About the Concentration
Advisory Committee
Women and Financial Independence
Global Financial Institutions Concentration

  2. Electives
  • Students are required to take four electives drawn from at least two different departments. One of the courses must be ECO 265 (Economics of Corporate Finance), ECO 275 (Money and Banking) or a similar course chosen with a GFIC adviser.
  • Only one statistics course and no more than three elective courses that fulfill the requirements for a student's major will be counted toward fulfillment of this concentration. Students can select from the approved list of Smith and Five College related courses drawn from course offerings in computer science, economics, government, math, philosophy and psychology. Concentrators may choose to focus on a specific region (Africa, Asia, Europe or the Americas) by selecting courses on that region and doing research in their capstone seminar related to the region. Concentrators focusing on a region are strongly urged to study a language spoken in that region.
  1. Capstone Seminars
  2. Students fulfill the capstone requirement for the concentration by taking one seminar selected from a list of concentration-approved seminars. Such seminars are drawn from disciplines in which global finance research is already featured, such as economics, government and public policy. Concentrators must present their research during the annual Celebrating Collaborations event in April or at an approved academic conference.

  1. Experiential Learning
  2. Students are required to complete two of the following experiential learning components.  Concentrators can choose either a combination of a workshop and a summer internship in a financial institution or to do two internships.

  • Excel for Financial and Economic Analysis

    This two-day workshop offered each Fall is specifically designed to get students up to speed using the basics of Excel. The aim is to teach students the basics so that in a work environment they are able to learn more building blocks for advanced concepts in software programs such as Dummy Dependent Variable, Histogram, Regression, and Monte Carlo Simulation. Students must attend both full days in order to fulfill one experiential learning requirement.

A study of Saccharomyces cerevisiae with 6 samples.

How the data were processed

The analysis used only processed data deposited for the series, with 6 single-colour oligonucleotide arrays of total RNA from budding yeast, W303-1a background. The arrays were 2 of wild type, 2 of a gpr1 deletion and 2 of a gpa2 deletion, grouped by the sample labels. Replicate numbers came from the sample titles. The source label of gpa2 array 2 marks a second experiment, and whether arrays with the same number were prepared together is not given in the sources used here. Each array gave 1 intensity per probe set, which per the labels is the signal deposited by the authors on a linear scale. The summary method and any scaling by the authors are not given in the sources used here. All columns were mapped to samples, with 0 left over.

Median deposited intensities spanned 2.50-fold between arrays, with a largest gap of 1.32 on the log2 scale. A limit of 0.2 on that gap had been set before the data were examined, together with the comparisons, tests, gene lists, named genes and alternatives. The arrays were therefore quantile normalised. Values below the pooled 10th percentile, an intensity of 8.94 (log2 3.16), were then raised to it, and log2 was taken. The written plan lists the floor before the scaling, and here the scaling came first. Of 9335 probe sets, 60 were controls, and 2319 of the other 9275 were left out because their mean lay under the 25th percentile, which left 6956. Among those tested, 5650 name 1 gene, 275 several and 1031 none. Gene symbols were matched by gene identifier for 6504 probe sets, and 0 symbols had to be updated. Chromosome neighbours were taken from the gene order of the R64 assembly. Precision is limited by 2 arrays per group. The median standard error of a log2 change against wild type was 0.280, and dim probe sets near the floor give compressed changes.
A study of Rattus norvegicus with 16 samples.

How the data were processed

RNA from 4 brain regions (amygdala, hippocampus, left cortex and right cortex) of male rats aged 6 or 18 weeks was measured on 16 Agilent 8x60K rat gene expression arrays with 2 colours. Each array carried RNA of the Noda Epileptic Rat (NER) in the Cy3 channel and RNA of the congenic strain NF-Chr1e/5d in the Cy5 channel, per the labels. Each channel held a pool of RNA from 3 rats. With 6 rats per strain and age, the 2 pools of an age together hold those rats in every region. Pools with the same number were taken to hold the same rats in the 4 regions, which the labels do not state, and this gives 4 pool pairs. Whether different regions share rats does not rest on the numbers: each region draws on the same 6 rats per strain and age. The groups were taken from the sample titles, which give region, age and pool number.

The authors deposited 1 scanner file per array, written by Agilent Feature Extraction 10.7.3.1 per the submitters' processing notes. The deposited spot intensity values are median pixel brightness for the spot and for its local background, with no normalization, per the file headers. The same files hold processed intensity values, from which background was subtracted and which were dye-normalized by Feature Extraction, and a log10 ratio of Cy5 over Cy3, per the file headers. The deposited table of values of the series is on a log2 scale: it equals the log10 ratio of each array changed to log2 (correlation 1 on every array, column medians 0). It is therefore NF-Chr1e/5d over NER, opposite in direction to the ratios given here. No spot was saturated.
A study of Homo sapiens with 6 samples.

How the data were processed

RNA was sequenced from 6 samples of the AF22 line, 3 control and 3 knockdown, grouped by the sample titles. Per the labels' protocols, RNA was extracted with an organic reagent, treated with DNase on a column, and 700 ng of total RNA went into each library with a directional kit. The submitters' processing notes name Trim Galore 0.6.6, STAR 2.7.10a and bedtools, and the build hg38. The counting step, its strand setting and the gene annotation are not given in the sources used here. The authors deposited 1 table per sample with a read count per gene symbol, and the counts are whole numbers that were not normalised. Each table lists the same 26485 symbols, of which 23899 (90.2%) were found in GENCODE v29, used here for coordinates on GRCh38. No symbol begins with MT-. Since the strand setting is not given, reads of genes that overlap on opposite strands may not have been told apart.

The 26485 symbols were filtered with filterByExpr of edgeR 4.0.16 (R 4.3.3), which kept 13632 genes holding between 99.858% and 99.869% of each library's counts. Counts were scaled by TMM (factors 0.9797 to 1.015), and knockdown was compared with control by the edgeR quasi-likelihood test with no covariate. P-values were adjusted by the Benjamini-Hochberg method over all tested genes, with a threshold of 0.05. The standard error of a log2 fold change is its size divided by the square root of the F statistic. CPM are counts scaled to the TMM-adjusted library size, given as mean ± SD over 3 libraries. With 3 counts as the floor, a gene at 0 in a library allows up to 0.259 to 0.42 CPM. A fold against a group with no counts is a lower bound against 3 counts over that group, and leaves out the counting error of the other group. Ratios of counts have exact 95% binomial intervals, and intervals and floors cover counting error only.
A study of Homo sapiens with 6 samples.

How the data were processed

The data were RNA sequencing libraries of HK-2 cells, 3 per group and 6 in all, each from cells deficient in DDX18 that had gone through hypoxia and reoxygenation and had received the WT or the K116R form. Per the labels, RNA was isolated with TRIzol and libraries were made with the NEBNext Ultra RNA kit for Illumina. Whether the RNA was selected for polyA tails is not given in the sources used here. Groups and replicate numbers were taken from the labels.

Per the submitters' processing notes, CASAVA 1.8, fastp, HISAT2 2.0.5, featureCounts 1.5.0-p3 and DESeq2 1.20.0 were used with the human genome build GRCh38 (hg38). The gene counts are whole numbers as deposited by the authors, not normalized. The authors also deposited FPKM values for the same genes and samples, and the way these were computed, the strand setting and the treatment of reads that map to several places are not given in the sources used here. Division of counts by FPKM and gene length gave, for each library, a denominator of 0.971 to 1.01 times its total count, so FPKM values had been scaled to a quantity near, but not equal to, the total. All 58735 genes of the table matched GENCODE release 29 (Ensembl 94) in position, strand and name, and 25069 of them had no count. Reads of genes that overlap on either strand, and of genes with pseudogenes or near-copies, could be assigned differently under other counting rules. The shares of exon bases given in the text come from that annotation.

• Smith-Tuck Bridge Program
    Smith College has partnered with the Tuck Business School to offer the popular three week Business Bridge Program, which provides highly qualified students in the liberal arts, sciences, and engineering with a world-class grounding in practical business skills. An application is required. Contact the Lazarus Center for Career Development for additional information.

  • Summer Internships
    Students are required to complete at least one summer internship (approved ten-week programs) prior to the senior year; Praxis may be used to fund one of these opportunities. The Center for Women and Financial Independence in collaboration with the Career Development Office can assist with identifying relevant internships. In addition, first-year students are strongly encouraged to use the summer to gain work experience designed to develop required professional skills including technology, programming and market-related communication.
  • Wall Street Prep: Accounting and Financial Modeling for the Liberal Arts
    This intensive workshop is led by former investment bankers with applied expertise in financial and valuation modeling methodologies and bridges the gap between academics and the real world to equip students with the hands-on practical financial skills that they will need to excel during the recruiting process and on the job. Contact the Lazarus Center for Career Development for additional information.
  1. Additional Activities
  2. In order to enhance knowledge of financial markets and language, concentrators are required to participate in one of the following approved activities and are strongly encouraged to participate in more than one.